As drought slashes rice harvest, 900,000 face hunger in Sri Lanka
The worst drought in five years has pushed 900,000 people in Sri Lanka into “acute food insecurity”, the World Food Programme (WFP) says.
An unpublished survey conducted by government agencies and relief organizations in February found that both food insecurity and debt were rising sharply among families hit by drought, the WFP office in Sri Lanka confirmed to the Thomson Reuters Foundation.
The country’s rice harvest could be the worst in 40 years, charity Save the Children predicted. The just-completed harvest was 63 percent below normal, it said.
The survey found that over one third of the drought-affected households had seen their income drop by half since September and 60 percent of the households surveyed were in debt.
The average amount of debt was about 180,000 Sri Lankan rupees, or $1,200, WFP said.
The survey findings are expected to be formally released later this month.
Sri Lanka’s government said over 1.2 million people have been affected by the country’s current drought, which began last November and continues despite some occasional rainfall over the last two months.
Save the Children estimates that over 600,000 of those affected – two thirds of the total – are children.
The Western and Northern Provinces have been worst hit, with over 400,000 people struggling with drought in each province.
RICE HARVEST HALVED
Government and WFP assessments suggest Sri Lanka’s 2017 rice harvest could be less than half the 3 million metric tons recorded last year.
According to WFP assessments the island needs 2.3 million metric tons of rice for annual consumption but the overall 2017 rice harvest is projected to yield just 1.44 metric tons.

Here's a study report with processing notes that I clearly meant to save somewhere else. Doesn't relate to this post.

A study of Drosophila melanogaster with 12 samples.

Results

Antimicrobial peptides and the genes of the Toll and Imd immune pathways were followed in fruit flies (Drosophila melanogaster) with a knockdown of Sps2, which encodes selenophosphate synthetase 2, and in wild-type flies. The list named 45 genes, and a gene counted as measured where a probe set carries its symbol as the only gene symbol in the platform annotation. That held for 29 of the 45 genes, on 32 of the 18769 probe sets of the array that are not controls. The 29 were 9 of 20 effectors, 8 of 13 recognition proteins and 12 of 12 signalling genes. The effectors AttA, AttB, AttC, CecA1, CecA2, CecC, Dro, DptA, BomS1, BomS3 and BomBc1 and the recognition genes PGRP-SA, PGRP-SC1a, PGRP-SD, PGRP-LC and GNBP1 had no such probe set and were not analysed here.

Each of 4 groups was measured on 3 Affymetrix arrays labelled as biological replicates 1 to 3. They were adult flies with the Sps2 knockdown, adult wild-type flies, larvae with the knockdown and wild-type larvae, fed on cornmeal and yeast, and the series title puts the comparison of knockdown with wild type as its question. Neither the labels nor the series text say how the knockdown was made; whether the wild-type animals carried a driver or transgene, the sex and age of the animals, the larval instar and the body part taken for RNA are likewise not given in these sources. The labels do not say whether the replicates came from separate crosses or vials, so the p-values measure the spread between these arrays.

The government has already taken steps to increase rice imports to stave off shortages, Disaster Management Minister Anura Priyadarshana Yapa said.
“We have a shortfall in the rice harvest. We have been taking action to prevent any shortfalls and will allow for tax-free rice imports until the harvest recovers,” he said.
Worst-affected by the drought have been farmers and those relying on agricultural work for income. The joint WFP and government survey indicated that one out of five farmers and one out of four farm laborers is now classified as food insecure in the drought region.
Preliminary data in the survey also indicated that female-headed households in drought areas were faring worse than others, with almost 20 percent reporting “poor” to “borderline” ability to access enough food as a result of the drought.
Yapa said that the government was devising a plan to help those affected and “we will begin cash assistance very soon”.
The initial plan is to provide 500,000 persons with cash assistance, he said. The government has so far set aside 8 billion rupees ($52 million) for cash-for-work programs in drought-hit areas.
Over 50 million rupees ($300,000) has been allocated to distribute water to affected populations in 22 of the island’s 25 districts, he said.
The drought is expected to continue into April, according to seasonal forecasting by the Meteorological Department.
“The big rains will come with the next monsoon”, which is expected to arrive in late May, said Lalith Chandrapala, director general of the Meteorological Department.
The future is bleak and agriculture cannot e salvaged through patchwork by way of cultivating early. The government do not hold a seed paddy bank this responsibility was handed over to the private sector following the privatization of the aeed paddy industry. Further the government introduced legislation to prohibit farmers to store seed paddy! The result of this nyopic policies has led to erious depletion of the diversity within the future of seed paddy production.